PRETORIA (AFP) - South Africa on Sunday celebrates the 20th anniversary of its first ever all-race, democratic election that ended decades of sanctioned racial oppression under the apartheid system.
The day will be marked by street parades, speeches, prayers, music and military salutes and displays.
President Jacob Zuma leads the main festivities at the Union Buildings, the seat of government in Pretoria, where generations of apartheid leaders penned many of the racial laws that South Africa's first black leader Nelson Mandela fought most of his life.
After the historic April 27, 1994, the day has been retained as a holiday and named Freedom Day.
For many South Africans it brings back sweet memories of the euphoria as black, Indian and mixed race voters stood in long meandering lines - alongside whites - to cast their first ballots.
Nobel peace laureate Desmond Tutu said the day felt like "falling in love".
FW de Klerk, apartheid South Africa's last president, described the day as "our proudest moment as South Africans".
But 20 years on, the euphoria has died down and the country is counting both the gains and failures of the democratic era.
South Africa boasts among other things, one of the strongest constitutions in the world, an independent judiciary and is probably the most developed country on the continent.
But the successes are tainted by mismanagement and high level corruption blamed largely on the ANC-led administration.
Seen as a moral beacon of South Africa Tutu has described the two decades of freedom in South Africa as a "heck of an achievement", but vows not to vote for the ANC in the upcoming polls.
This year's anniversary of democracy coincides with South Africa's fifth democratic election on May 7 where voters will cast ballots in a fiercely fought contest.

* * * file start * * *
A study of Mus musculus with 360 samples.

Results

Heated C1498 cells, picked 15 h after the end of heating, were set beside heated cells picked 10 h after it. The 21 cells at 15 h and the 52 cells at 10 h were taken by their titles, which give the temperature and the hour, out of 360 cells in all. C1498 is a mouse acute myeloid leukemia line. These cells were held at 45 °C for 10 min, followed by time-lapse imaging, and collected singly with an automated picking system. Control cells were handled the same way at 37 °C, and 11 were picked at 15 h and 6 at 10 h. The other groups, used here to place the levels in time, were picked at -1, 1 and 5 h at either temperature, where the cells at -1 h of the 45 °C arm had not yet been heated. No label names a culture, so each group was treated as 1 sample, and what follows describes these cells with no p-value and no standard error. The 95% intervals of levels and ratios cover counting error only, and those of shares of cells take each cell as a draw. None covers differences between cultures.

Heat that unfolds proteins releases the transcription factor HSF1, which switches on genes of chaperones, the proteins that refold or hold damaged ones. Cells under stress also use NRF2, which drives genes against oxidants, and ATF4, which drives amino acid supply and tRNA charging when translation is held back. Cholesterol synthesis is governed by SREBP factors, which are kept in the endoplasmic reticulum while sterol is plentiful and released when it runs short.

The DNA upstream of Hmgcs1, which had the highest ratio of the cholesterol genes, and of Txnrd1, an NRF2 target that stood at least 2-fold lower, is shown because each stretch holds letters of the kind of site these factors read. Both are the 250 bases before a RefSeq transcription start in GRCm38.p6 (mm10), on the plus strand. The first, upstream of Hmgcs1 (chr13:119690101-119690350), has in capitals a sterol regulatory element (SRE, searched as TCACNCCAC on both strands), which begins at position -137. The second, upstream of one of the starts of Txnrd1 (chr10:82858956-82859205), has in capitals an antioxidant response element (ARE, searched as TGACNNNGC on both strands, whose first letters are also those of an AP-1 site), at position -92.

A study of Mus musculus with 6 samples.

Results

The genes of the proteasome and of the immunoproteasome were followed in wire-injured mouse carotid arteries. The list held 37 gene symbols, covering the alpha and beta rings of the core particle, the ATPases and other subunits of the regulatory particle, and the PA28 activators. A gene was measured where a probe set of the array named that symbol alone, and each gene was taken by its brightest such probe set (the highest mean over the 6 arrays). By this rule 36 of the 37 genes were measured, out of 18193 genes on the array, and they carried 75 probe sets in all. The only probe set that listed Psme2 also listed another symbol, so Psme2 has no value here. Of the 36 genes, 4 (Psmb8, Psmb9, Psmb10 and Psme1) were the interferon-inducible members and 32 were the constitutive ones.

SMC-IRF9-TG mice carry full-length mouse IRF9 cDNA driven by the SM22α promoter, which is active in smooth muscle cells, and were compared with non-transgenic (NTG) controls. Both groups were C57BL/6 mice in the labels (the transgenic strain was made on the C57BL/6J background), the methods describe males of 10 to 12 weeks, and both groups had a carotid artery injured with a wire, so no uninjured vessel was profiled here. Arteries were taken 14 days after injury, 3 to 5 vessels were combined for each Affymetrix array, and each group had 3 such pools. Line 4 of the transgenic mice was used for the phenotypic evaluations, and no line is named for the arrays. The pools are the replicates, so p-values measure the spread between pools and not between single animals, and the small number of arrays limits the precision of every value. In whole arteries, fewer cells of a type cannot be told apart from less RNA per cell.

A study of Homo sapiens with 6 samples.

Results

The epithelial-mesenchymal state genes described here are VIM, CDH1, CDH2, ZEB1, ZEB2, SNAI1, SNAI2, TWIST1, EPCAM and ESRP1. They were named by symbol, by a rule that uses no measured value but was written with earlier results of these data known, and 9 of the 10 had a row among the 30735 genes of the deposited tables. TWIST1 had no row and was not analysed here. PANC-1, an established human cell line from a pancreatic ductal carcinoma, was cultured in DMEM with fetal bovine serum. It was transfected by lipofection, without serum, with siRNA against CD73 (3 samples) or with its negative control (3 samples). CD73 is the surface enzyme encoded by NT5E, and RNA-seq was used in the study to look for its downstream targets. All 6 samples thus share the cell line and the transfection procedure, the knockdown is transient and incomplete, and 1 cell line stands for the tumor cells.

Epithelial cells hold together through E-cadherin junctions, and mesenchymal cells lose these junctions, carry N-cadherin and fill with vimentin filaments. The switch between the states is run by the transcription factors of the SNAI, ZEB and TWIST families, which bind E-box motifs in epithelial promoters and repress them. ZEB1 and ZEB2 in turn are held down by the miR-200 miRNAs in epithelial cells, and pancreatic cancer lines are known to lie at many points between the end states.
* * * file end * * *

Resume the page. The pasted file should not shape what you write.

The ruling African National Congress is expected to retain power, despite anger over graft and glaring socio-economic disparities under its rule.
The ANC's continued popularity is testimony of the fact that for many South Africans life feels incomparably better than it did under the white minority's racist apartheid system.
Government has chosen to hold celebrations on Freedom Day under the theme "South Africa - a better place to live in".
The economy has grown three-fold and government says it has built 3.7 million houses since the advent of democracy, giving millions of people their first modern homes.
Over 15 million of the population of 51 million receive government social grants.
The majority of blacks are largely free to live and work wherever they want and a new black middle class is burgeoning.
But economic inequality persists and has seen poor South Africans take their anger to the streets, protesting over a lack of basic services like water, sanitation, electricity and housing.
South Africa is ranked among the most unequal societies in the world.
As the ruling party faces its toughest test at the polls next month, only a third of the so-called "Born Frees" - youths born on or after April 27, 1994 who are eligible to cast their votes for the first time this year - bothered to register to vote.
In the run up to the polls, the ANC also faces a protest from a group of former party stalwarts led by former intelligence minister and communist party member Ronnie Kasrils who are campaigning that South Africans do not vote for the party which is credited with leading the fight against apartheid.
While hailing the successes of the past 20 years of freedom, De Klerk has joined the chorus chastising the ruling party for squandering its democratic inheritance through gross mismanagement and rampant corruption.
But 20 years after the birth of democracy, South Africa is still undergoing growing pains and has a long way to go.
"Democracy is not something which you make like making instant coffee, it is something to be built," said University of Pretoria analyst Shadrack Gutto.